Growing optimism among healthcare contractors over pay
Growing optimism among healthcare contractors over pay despite public sector pay freeze
Contractors now consider longer term contracts more important than hourly rate
Healthcare contractors are increasingly optimistic about pay despite the public sector pay freeze and looming spending cuts, according to research by giant group plc, the contractor services provider.
70% of healthcare contractors expect to see their incomes rise this year, up from 65% last year.
According to giant, contractors may not be affected by the pay freeze that will hit other public sector healthcare professionals.
The Chancellor announced a two-year pay freeze for public sector workers earning above 21,000 in the Coalition Government's first Budget on 22 June 2010.
Matthew Brown, Managing Director of giant, says: The vast majority of healthcare contractors expect their pay to rise despite the pay freeze for public sector workers. There is still a degree of uncertainty as to how the pay freeze will affect contractors. Whether budgets will accommodate pay expectations will be a key issue in the coming year.
There is a question mark over whether public sector employers have done enough to manage the pay expectations of their contractors.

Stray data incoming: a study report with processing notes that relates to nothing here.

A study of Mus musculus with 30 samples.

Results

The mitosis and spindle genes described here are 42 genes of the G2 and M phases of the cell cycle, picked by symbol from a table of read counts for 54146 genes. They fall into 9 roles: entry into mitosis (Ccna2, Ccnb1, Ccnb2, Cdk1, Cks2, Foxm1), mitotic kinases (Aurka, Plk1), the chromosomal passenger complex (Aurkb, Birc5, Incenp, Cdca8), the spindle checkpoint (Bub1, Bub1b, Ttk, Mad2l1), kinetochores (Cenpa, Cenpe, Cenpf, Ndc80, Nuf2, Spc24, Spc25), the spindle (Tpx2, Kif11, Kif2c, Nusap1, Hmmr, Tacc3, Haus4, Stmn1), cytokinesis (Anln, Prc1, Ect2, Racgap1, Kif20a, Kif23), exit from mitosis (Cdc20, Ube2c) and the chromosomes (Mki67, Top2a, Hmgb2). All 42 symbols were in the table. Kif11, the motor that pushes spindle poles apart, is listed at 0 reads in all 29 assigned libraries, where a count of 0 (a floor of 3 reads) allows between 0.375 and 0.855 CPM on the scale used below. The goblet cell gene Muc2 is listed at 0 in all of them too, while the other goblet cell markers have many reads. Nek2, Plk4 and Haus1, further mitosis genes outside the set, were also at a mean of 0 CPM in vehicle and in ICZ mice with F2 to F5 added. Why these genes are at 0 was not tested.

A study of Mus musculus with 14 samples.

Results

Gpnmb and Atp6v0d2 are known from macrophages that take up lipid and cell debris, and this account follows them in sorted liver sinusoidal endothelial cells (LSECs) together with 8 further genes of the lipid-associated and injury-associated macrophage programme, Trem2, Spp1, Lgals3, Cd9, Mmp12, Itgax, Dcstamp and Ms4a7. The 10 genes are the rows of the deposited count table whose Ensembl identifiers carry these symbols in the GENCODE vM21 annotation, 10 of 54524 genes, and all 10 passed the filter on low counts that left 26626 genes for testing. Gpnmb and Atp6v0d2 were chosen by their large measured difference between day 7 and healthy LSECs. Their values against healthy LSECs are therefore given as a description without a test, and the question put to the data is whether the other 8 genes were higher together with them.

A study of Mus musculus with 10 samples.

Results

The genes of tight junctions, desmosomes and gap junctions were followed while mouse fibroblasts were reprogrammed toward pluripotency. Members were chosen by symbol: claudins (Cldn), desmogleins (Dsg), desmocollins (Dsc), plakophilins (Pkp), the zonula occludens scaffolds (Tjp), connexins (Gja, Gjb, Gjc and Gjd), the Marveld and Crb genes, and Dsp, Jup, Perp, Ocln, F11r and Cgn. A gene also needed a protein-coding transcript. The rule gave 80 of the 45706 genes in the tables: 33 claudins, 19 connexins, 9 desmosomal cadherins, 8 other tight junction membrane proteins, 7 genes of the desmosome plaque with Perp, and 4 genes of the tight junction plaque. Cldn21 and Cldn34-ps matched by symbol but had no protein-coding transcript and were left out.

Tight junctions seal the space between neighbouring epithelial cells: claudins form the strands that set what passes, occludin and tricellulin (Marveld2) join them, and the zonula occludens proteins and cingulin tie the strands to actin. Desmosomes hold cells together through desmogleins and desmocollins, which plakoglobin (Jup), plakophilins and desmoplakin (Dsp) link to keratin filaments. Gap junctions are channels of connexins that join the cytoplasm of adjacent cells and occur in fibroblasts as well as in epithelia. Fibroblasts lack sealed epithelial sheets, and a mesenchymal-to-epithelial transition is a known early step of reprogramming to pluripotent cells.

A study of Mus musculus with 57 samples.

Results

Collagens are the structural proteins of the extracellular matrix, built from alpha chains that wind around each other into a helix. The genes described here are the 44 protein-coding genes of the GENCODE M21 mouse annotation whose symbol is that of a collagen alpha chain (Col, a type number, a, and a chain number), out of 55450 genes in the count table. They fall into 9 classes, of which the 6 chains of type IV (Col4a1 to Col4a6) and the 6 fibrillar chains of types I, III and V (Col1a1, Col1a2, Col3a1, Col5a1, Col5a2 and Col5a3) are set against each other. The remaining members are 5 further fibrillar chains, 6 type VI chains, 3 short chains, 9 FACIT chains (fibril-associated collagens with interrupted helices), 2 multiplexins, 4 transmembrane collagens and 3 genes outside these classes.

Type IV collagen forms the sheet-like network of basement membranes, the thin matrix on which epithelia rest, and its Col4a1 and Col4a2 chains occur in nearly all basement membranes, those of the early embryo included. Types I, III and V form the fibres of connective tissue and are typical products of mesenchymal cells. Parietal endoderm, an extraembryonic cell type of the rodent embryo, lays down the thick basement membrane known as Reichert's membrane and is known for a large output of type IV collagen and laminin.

He adds: There are still significant skills shortages in the healthcare sector, and with NHS budgets ring-fenced from cuts, there will still be opportunities for contractors over the next 12 months. The moratorium on hiring which many public sector bodies have in place could feed through to greater use of contractors in the medium term to deal with spikes in workload.
The research by giant also reveals that long term joblessness among healthcare contractors has edged up slightly over the year. 6.7% of healthcare professionals spent 90 days or more out of work last year, compared to 6.1% in 2009.
Matthew Brown says: It has become marginally more difficult for contract healthcare professionals to find work over the past year, but not to the extent that was feared when the cutbacks were first mooted
According to giant, concern about the availability of jobs has made healthcare professionals more conscious about job security. 50.5% of healthcare contractors would now prefer a longer term contract over a higher hourly rate, compared to 39.4% last year.Comments Matthew Brown: This is quite a dramatic change of emphasis. During candidate-led employment markets, contractors usually put the priority on higher hourly pay, but in the space of a year contractors have become much more focused on job security as the cutbacks take hold.